All Tomorrow’s Parties – The Nightmare Before Xmas 2009 – Part 3

Although there’s a heavy dose of indie rock’s heritage on show at ATP, there are a number of newer acts also playing the festival. The previous week the NME had announced that The Horrors had won their Album of the Year poll with Primary Colours. It was a surprising choice to me as it wasn’t an album that grabbed me and sounded like a watered down version of its obvious shoegaze influences crossed with the almost-manadtory-these-days U2 references. Seeing them play live for the first time did little to sway my opinion although they aren’t helped by the sound in the Pavillion Stage and watching them you’d never have thought they might be on an end-of-year high. They give the impression that it’s all too much of an effort for them.

Upstairs Pete Kember’s Spectrum is playing with the full band and puts in a far superior performance to his legendary solo show at The Step Inn a few years ago. He’s happy to be there and it shows. There’s no technical issues, there’s no unnecessary and unhelpful lambasting of the soundman and the healthy crowd is appreciative of his efforts. As expected he plays a few Spaceman 3 songs in his set including Revolution, Suicide, How You Satisfy Me and the band’s cover of Mudhoney’s When Tomorrow Hits. It’ll always be a shame that Brisbane didn’t get to experience this version of Pete Kember.

I like a lot of what Sonic Youth are about and what they do. I like the artistic approach they take to their music, I like the experimentation, I like the guitar tunings, I like how they’ve conducted themselves over the last few decades and their support of upcoming bands, there’s a tonne of photos of them that I really like, I like the videos, I like that they’ve always looked ‘cool’, I like the sound of Kim Gordon’s voice and Thurston Moore’s isn’t too bad either. They seem like really, really nice people. The only problems that I really have is that I’m not a very big fan of the music. I’ve never, ever been able to explain it and I’ve heard enough and seen them play enough to have been convinced if I was ever going to be convinced and if the band were ever going to make a breakthrough with me on a personal level. I don’t mind the songs but they’ve never really grabbed me in the same way just about every other music fan I know has been. In a lot of ways, there needs to be more bands like Sonic Youth; their positives make them an infinitely more interesting band than all the landfill indie that’s blighted the music scene over the last few years. Tonight is about as close as they get to that breakthrough though, although it has the added benefit of getting to photograph them for the first time, which is thrilling but so short and sweet. It’s also surprising given that the bulk of their set comes their latest album, The Eternal. The first three songs fly by and at the end I’m disappointed with the photos I’ve taken. Photographing the Pavillion Stage is difficult as the stage is so high and there’s a couple of speakers on stands set up in the photo pit that completely block certain angles and which you have to be mindful of every time you move around.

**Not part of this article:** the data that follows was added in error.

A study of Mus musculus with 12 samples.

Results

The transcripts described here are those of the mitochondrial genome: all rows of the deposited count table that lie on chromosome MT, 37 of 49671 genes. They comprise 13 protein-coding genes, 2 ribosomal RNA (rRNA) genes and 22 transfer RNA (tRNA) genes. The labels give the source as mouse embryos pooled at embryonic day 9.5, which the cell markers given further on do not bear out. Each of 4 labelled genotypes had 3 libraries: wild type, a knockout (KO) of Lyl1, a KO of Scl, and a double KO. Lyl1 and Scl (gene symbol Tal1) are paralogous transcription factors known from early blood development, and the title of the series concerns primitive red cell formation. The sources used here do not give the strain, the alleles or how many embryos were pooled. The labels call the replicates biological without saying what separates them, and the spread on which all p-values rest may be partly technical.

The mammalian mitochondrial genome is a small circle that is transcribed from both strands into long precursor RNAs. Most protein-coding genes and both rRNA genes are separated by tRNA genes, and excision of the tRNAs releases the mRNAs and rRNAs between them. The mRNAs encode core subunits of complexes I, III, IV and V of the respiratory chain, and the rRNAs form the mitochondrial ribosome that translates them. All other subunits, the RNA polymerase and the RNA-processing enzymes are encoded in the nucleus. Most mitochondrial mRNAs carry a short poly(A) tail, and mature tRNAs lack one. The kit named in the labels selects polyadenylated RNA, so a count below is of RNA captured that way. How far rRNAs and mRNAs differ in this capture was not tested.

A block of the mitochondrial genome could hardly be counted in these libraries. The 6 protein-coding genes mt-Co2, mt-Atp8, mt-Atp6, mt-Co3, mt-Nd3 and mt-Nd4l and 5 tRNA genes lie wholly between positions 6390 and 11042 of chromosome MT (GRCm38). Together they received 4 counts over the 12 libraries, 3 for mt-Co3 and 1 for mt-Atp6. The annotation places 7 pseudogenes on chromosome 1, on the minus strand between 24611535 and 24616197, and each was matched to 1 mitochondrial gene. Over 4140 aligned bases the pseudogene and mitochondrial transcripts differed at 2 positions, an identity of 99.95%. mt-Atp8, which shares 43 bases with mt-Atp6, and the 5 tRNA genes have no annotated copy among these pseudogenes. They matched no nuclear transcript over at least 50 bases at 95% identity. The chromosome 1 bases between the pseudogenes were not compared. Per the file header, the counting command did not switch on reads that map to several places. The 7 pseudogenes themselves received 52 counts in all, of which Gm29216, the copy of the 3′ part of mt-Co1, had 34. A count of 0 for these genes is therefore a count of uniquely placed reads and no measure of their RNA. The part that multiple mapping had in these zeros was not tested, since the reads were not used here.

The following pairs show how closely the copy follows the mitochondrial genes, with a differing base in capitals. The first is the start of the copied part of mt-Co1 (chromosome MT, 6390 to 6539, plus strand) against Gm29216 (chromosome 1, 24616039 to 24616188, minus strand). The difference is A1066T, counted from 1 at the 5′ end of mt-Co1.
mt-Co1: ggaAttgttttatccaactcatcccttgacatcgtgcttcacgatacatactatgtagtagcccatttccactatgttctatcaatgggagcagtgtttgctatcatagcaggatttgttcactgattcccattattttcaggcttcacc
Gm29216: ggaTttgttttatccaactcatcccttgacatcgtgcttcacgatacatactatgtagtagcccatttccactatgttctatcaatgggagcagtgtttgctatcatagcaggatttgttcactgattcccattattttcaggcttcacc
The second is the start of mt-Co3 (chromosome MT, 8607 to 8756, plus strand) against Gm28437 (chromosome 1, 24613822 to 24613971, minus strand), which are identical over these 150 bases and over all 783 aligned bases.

Although I’m enjoying Sonic Youth as much as I’ve ever have, I duck out before the end of their set to check out a bit of Robin Gutherie. He’s playing a solo set in Reds with a lot of chorus and delay and accompanied by visuals from a projector playing onto the back wall behind him. It’s pleasant enough, fairly ambient as you’d expect, and he’s in jovial form, but could do with a full band behind him to flesh it out more, and a vocalist. Say Liz Fraser.

Although My Bloody Valentine are the headlining curators, there’s still a couple of bands after them. Everything is on the Centre Stage so it means the stage has to be cleared and set up again so by the time No Age start, it’s heading towards 1am. I’m just not a fan of really late shows. You can do it with ease when you’re young, but the older you get the harder it becomes and the less you enjoy it. On top of that it’s been a long day and fairly alcoholic day and one that follows on from more of the same the day before. The main reason for sticking around is the rumour that Bob Mould will be making a guest appearance with the band and playing a couple of Husker Du songs. The rumour turns out to be true, although they only play a couple of songs, Zen Arcade’s Something I Learned Today and the band’s debut single In A Free Land but I manage to miss half of it thanks to being in the queue for the toilet.

It’s really late but there’s still one band to go: Fucked Up. This is the first time I’ve seen them and writing this post almost 2 1/2 years later it’s still the only time I’ve seen them play. They come out to Australia but I keep missing them, largely because they’ve played big shows I wasn’t interested in (supporting the Foo Fighters, my lack of interest solely due to their photo contract) or they’ve played festivals but clashed with the main headliner (playing at the same time as Iron Maiden at last year’s Soundwave). By the time they start it’s after 2:30am so I’m not really in the mood and only stay for a few songs before calling it a night. based on a very limited opinion from a very tired mind, they’re a faceless punk band fronted by a bald, fat man, who gets his shirt off at the first instance, crushes coke cans on his forehead and pours drinks over himself before jumping into the crowd. I’m left wondering what the far superior Sixfthick have to do to get to play a big and high profile festival like ATP.